Under the bill proposed by Wells and Barry, possession of small amounts of marijuana would be a civil offense.
With the D.C. Council poised to pass a bill decriminalizing marijuana, members of the public are getting the chance to weigh in. The first of two hearings on the measure took place on Wednesday evening in Anacostia.
Legislation introduced by Council member Tommy Wells (D-Ward 6) — and backed by a majority of Council members — would make the possession of small amounts of marijuana a $100 civil fine, rather than an arrest and a permanent criminal record.
“The criminalization of marijuana is not working. Against this wasted effort there is a serious human cost. Every year nearly half the drug arrests are for simple possession of marijuana," he said at the hearing.
Wells says the bill is about social justice, not illegal drugs. He says while white and black residents in D.C. use marijuana at similar rates, black residents are eight times more likely to be arrested for marijuana possession. That disproportionate impact was one of the big concerns raised by residents at last night’s hearing at the Anacostia Public Library.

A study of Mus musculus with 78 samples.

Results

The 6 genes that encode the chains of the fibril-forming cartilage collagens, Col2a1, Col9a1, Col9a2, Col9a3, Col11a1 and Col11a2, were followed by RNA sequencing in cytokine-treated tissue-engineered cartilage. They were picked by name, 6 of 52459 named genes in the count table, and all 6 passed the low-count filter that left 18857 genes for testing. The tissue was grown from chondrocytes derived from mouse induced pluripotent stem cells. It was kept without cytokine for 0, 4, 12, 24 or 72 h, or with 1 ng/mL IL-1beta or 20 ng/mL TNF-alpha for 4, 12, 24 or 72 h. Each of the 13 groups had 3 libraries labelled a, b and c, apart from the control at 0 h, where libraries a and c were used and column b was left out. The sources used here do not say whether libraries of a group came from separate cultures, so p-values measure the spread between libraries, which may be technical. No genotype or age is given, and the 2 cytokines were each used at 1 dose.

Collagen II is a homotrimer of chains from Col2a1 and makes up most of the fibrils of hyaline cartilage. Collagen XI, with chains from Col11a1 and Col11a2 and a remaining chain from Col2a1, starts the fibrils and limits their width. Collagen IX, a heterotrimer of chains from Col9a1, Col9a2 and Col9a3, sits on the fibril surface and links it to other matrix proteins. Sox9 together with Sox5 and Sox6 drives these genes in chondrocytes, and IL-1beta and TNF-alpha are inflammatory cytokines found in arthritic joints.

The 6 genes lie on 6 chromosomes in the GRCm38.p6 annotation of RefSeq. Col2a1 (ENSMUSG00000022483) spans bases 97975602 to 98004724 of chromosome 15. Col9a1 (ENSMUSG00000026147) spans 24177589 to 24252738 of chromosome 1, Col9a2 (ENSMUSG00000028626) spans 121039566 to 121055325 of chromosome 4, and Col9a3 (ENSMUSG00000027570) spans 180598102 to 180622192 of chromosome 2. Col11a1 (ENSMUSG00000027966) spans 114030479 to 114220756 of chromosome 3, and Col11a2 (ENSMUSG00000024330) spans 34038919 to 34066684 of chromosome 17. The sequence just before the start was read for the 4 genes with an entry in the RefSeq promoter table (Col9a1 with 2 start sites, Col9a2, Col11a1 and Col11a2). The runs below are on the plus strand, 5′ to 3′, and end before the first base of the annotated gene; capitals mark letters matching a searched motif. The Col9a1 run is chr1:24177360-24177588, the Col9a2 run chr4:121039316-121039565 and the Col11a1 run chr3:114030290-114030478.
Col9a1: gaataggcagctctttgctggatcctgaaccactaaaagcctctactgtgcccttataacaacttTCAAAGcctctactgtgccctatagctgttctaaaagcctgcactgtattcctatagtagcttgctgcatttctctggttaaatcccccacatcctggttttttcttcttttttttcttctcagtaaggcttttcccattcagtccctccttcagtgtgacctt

“Too many people are sitting in prison for smoking marijuana," said Stewart Anderson of Friends and Family of Incarcerated People.“Most people who get prosecuted… are black. Most people that go to jail for prolonged periods of time… are black. This thing right here, this bill, can and should prevent some of that.”
Others testified about how marijuana arrests can hurt job prospects and destabilize families.
And while most spoke in favor of decriminalization, Pastor Bernard Howard warned about the message it would send to young people.
“I see when we allow this decriminalization, our young men will take that as a green light to think that is OK to use marijuana and to be in that environment. And that world of drugs is only going to end… most of us that have ever done anything realize its gonna end up in the jail or the cemetery," he said.
The hearing will reconvene later today at the Wilson Building. Neither Police Chief Cathy Lanier nor anyone else from MPD is scheduled to testify before the council about the bill.